Professors Salim El Rouayheb and Yingying Chen have won a new NSF award for the project titled "Secure Distributed Coded Computations for IoT : An Information Theoretic and Network Approach." This is a three year $1.2M collaborative effort led by Rutgers University (Salim El Rouayheb, PI and Yingying Chen, Co-PI) with University of Illinois at Chicago. Rutgers' share of this award is $800,000.
The Internet of Things (IoT) is emerging as a new Internet paradigm connecting an exponentially increasing number of smart IoT devices and sensors. IoT applications include smart cities, transportation systems, mobile healthcare and smart grid, to name a few. Unlocking the full power of IoT requires analyzing and processing large amounts of data collected by the IoT devices through computationally intensive algorithms that are typically run in the cloud. This leaves the IoT network, and the applications it is supporting, at the complete mercy of an adversary (enemy nations, hackers, etc.), or a natural disaster (hurricane, earthquake, etc.), that can jeopardize the IoT, or completely disconnect it from its "brain" (the cloud), with potentially catastrophic consequences. As part of this project Salim and Yingying and their teams will explore secure coded computations aimed at addressing the security challenges of IoT dependence on the cloud for computations by allowing data to be processed locally by IoT-devices that collaborate together to compute. The project will also validate the feasibility of the proposed secure codes and algorithms by building a mobile healthcare monitoring framework using IoT devices.
You can find more details on the project at the NSF page here.
Congratulations Salim and Yingying on this exciting collaborative effort!
Narayan Mandayam has been selected for the 2018 Distinguished Alumnus Award at IIT (Indian Institute of Technology) Kharagpur. This is a prestigious and increasingly competitive award with recent winners including Google’s CEO Sundar Pichai. The award will be given out at the annual convocation in July.
Assistant Professor Mehdi Javanmard has won a new DARPA award for the project titled "Closing the Feedback Loop for Neural Stimulation-Based Therapeutics: Continuous Monitoring of Inflammatory Processes."
This is a 18 month $642,000 collaborative effort with UPenn led by Rutgers University. As part of this project, Mehdi and his team will fabricate in-vitro and quasi in-vivo wireless probes for continuously monitoring inflammatory processes in subjects undergoing stimulation of the peripheral nervous system for treating rheumatoid arthritis.
Professor Emina Soljanin participated in an American Masters podcast hosted by PBS celebrating the life of Hedy Lamar, along with Academy-Award-winning actor Susan Sarandon and filmmaker Alexandra Dean. Please find the podcast here where Emina discusses similarities of her NSF project to Hedy Lamar's work.
The Rutgers University Board of Governors has approved the promotion of Peter Meer to Distinguished Professor.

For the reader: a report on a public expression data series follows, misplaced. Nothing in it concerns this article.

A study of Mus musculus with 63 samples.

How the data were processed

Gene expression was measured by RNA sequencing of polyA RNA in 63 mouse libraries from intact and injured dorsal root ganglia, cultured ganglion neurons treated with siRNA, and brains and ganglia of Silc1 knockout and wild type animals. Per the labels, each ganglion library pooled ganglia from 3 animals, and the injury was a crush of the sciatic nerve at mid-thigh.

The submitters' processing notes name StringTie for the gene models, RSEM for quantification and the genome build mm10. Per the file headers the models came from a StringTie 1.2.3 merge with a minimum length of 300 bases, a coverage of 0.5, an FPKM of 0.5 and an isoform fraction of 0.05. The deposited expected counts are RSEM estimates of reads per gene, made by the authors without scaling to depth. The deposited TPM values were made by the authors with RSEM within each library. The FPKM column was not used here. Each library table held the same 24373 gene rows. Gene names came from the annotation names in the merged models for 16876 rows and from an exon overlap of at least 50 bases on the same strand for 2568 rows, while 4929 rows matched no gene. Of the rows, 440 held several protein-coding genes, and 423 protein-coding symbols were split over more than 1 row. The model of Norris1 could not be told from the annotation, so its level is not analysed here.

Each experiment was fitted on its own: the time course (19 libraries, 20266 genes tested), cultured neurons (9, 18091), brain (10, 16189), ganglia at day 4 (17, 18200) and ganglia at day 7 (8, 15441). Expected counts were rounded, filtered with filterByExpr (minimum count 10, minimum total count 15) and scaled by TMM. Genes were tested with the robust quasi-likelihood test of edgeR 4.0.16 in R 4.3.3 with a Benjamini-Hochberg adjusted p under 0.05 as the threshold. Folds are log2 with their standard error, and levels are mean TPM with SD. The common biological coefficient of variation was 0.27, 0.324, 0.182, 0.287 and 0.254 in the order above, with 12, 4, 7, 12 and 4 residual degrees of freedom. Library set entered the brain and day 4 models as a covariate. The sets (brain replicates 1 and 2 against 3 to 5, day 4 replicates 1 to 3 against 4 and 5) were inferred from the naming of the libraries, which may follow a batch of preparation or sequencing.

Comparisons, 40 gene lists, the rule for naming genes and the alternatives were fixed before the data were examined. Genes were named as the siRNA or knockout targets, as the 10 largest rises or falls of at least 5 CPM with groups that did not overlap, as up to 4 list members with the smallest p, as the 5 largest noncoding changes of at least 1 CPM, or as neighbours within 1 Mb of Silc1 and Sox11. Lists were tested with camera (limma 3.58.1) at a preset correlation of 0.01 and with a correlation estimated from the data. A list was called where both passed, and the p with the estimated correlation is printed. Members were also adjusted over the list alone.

Congratulations to Peter on this well deserved recognition!
Professor Yingying Chen has received a new Army Research Office (ARO) award for the project titled "Enhanced Learning of Sensor Fusion for Human Authentication" This is a three year $351,162 project in collaboration with Robert Wood Johnson Medical School ($100,000).
In this project, Yingying and her team proposes a learning-based user authentication framework leveraging multi-modal user verification grounded on human’s physical traits extracted from existing mobile devices without requiring specialized hardware or verification infrastructure. They plan to develop sensor-fusion based machine learning techniques, which seek to add two important security aspects in user authentication: continuous user verification exploiting unique gait patterns and online signature verification via touch-screen sensing. The research goal is to exploit ensemble learning of information from multiple classifiers on single sensor data to combat the inherent problems coming from a single biometric indicator and further use confidence distribution combining to aggregate decisions from multiple sensors to produce more powerful and robust matching results to achieve enhanced user authentication.
Congratulations to Professor Emina Soljanin on her new NSF award for the project titled "Covert/Secret and Efficient Message Transfer in (Mobile) Multi-Agent Environments." This is a three year $500,000 collaborative effort led by Rutgers University (Emina Soljanin, PI) with NJIT. Rutgers' share of this award is $250,000.
As part of this project, Emina and her team will explore secret and efficient (preferably covert) communications by harnessing the resources brought in by smart everyday devices in emerging Internet of Things (IoT) environments. The research plan is organized in two central thrusts: The first thrust investigates a novel covert, secure and efficient communication scheme between mobile nodes, which has the main feature that any data transfer is only performed over short distances, thus reducing exposure to adversarial actions as well as energy and bandwidth requirements. The second thrust builds on the first one and devises secure coding schemes for the case where an eavesdropper discovers that messages are being exchanged and/or gets in possession of some helping IoT devices.
You can find more details on the project at the NSF page here. Professor Soljanin also participated in an American Masters podcast hosted by PBS celebrating the life of Hedy Lamar, along with Academy-Award-winning actor Susan Sarandon and filmmaker Alexandra Dean. Please find the podcast here where Emina discusses similarities of her NSF project to Hedy Lamar's work.
This is really cool stuff! Congratulations Emina!